Hard work paying off for in-form Yorkshire batsman Adam Lyth

Adam Lyth has pointed to both technical and mindset changes as the main reasons behind his fabulous start to the new county season.

Tuesday, 27th April 2021, 4:07 pm
Updated Tuesday, 27th April 2021, 4:08 pm
IN FINE FORM: Yorkshire’s Adam Lyth has started the 2021 campaign in scintillating form. Picture: Getty Images
IN FINE FORM: Yorkshire’s Adam Lyth has started the 2021 campaign in scintillating form. Picture: Getty Images

The Whitby man has altered his trigger movements at the crease and has also taken a freer approach to his batting as he closes in on 500 runs in the County Championship.

Left-handed Lyth is only 12 runs away from a mark that will hopefully be passed when Northamptonshire visit Emerald Headingley in the fourth round of Group Three fixtures.

In Championship cricket in 2021, he has posted scores of 52, 115 not out, 97, 116, 42 and 66. Furthermore, in two friendly innings, he recorded scores of 52 and 50.

His haul of 488 means he is the highest English run-scorer in the country this summer.

And he has helped Yorkshire to two wins and a draw from their opening Group Three games.

Lyth’s changes are more a return to previous ways rather than developing something new, and he worked hard on it during a winter spell of T10 and T20 cricket in Abu Dhabi and Pakistan in January and February.

“When I went away on that white ball tour, I knew I wasn’t going to play much,” he said.

“So I did a bit of work on my red ball game, although it was with the white ball.

“It was just making my trigger movements a lot smaller, going back to more of my old movements.”

In a first-class career which has spanned the last 14 years and brought him 11,274 runs, Lyth enjoyed two standout domestic seasons in particular.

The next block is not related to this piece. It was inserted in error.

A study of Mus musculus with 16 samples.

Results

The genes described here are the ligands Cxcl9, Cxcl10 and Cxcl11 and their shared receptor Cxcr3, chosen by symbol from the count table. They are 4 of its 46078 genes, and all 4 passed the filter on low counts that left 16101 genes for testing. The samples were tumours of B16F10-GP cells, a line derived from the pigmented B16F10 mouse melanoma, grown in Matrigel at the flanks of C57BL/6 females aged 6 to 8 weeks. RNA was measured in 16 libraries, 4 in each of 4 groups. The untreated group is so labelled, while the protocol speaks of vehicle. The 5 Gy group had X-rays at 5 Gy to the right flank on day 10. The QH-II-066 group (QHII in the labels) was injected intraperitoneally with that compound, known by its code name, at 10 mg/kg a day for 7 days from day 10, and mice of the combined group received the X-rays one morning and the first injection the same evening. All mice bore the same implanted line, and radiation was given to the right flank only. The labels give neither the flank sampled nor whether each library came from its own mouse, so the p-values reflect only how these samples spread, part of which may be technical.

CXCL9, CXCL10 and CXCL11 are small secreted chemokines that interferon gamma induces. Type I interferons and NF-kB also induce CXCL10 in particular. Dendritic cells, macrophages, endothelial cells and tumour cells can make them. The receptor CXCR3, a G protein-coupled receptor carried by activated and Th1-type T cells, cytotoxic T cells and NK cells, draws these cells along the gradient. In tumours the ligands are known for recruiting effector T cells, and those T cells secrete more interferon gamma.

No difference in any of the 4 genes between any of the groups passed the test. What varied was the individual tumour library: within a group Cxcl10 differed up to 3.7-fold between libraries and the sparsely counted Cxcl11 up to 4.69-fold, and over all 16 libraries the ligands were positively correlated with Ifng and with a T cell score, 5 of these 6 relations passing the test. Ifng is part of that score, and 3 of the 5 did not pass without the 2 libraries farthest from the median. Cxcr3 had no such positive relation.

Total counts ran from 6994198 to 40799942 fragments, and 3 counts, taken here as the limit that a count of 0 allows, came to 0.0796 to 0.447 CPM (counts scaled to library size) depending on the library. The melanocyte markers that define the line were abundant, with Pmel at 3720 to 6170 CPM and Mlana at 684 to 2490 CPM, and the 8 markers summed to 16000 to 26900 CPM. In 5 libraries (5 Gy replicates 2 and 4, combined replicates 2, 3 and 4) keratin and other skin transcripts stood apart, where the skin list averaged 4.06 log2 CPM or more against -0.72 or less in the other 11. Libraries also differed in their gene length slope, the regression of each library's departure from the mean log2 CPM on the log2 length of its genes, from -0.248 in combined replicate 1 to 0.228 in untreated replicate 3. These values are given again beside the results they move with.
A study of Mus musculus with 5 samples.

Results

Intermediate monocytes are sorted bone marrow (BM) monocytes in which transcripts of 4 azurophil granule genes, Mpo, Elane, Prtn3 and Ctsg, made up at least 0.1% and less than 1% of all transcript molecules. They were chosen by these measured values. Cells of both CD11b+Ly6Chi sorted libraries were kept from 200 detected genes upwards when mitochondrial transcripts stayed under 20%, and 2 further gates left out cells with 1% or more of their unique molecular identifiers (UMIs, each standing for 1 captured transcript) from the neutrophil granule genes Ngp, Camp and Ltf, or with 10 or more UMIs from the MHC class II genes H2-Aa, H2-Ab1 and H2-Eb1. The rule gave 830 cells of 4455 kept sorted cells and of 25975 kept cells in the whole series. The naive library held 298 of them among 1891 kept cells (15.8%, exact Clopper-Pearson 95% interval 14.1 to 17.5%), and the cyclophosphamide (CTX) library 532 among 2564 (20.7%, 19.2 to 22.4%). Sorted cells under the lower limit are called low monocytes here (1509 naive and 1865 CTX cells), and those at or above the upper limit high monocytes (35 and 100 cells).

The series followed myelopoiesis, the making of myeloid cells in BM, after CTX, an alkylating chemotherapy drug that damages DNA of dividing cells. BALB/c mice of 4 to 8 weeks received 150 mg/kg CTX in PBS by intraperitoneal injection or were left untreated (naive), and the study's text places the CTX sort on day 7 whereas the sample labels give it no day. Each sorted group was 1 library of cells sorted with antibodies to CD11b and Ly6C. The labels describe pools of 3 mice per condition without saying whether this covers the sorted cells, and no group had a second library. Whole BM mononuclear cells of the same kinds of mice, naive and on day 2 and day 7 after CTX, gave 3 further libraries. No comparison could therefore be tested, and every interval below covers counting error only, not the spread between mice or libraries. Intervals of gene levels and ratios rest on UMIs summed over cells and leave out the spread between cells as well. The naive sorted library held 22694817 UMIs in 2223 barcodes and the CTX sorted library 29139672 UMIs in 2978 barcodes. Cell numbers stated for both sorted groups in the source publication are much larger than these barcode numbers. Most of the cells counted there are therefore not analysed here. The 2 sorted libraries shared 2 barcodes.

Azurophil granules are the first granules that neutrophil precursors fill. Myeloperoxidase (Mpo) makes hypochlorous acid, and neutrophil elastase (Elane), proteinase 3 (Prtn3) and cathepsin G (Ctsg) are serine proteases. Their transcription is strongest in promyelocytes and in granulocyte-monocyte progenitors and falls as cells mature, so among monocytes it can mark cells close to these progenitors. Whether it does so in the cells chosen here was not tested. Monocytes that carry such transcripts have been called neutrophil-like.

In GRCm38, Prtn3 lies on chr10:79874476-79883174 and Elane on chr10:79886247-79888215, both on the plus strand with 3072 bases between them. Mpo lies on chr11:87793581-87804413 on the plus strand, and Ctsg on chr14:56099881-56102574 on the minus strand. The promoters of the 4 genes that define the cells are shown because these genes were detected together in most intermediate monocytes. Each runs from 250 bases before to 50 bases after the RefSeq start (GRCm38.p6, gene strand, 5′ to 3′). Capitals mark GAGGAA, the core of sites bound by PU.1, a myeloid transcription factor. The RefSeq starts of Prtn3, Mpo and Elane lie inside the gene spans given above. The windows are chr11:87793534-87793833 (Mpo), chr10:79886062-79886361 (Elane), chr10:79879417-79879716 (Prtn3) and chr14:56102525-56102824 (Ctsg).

In 2010, he scored 1,509 first-class runs, including three hundreds. And in 2014, he bettered that with 1,609 runs, including seven hundreds.

“I feel like I’m hitting the ball as well as those two seasons,” he said.

“It’s a shame it’s taken me that long to go back to that, but I feel I can play freely all around the ground off front and back foot, especially hitting down the ground a lot more.

I also feel I can get into my drive a lot more, which is probably my strongest shot.”

So why has it taken the 33-year-old so long to revert back to those ways?

“I was doing ok,” he reasoned. “But not quite as well as I would have liked.

“So I watched a lot of footage, and my movements have been a bit bigger and not as consistent as I would have liked.

“It’s not a huge change, but I now feel I can play on both sides of the wicket without getting stuck and getting nicked off, as I was doing.

“My defence and my drives, I’m getting more into them rather than being off them a little bit.”

Lyth has Andrew Gale and Paul Grayson to call upon at Yorkshire for batting advice. But one of the advantages of being on the global white ball circuit is that you get access to more coaching resources.

Whilst in Asia, he spoke to his Delhi Bulls and Multan Sultans coach Andy Flower.

He said: “Andy is renowned for being one of the best coaches around, and I spoke to him about those trigger movements and also getting my mindset right.

“Playing the way I did in 2010 and 2014 was more about not worrying about getting out. You might as well try and score as many runs as you can before there’s a ball with your name on it.

“That’s the way I’ve approached it this season.

“But you can’t take anything for granted in this game. You can easily go two or three knocks without scoring any runs. I’ll just have to keep trusting the way I’m playing, and hopefully there’s more runs to come.”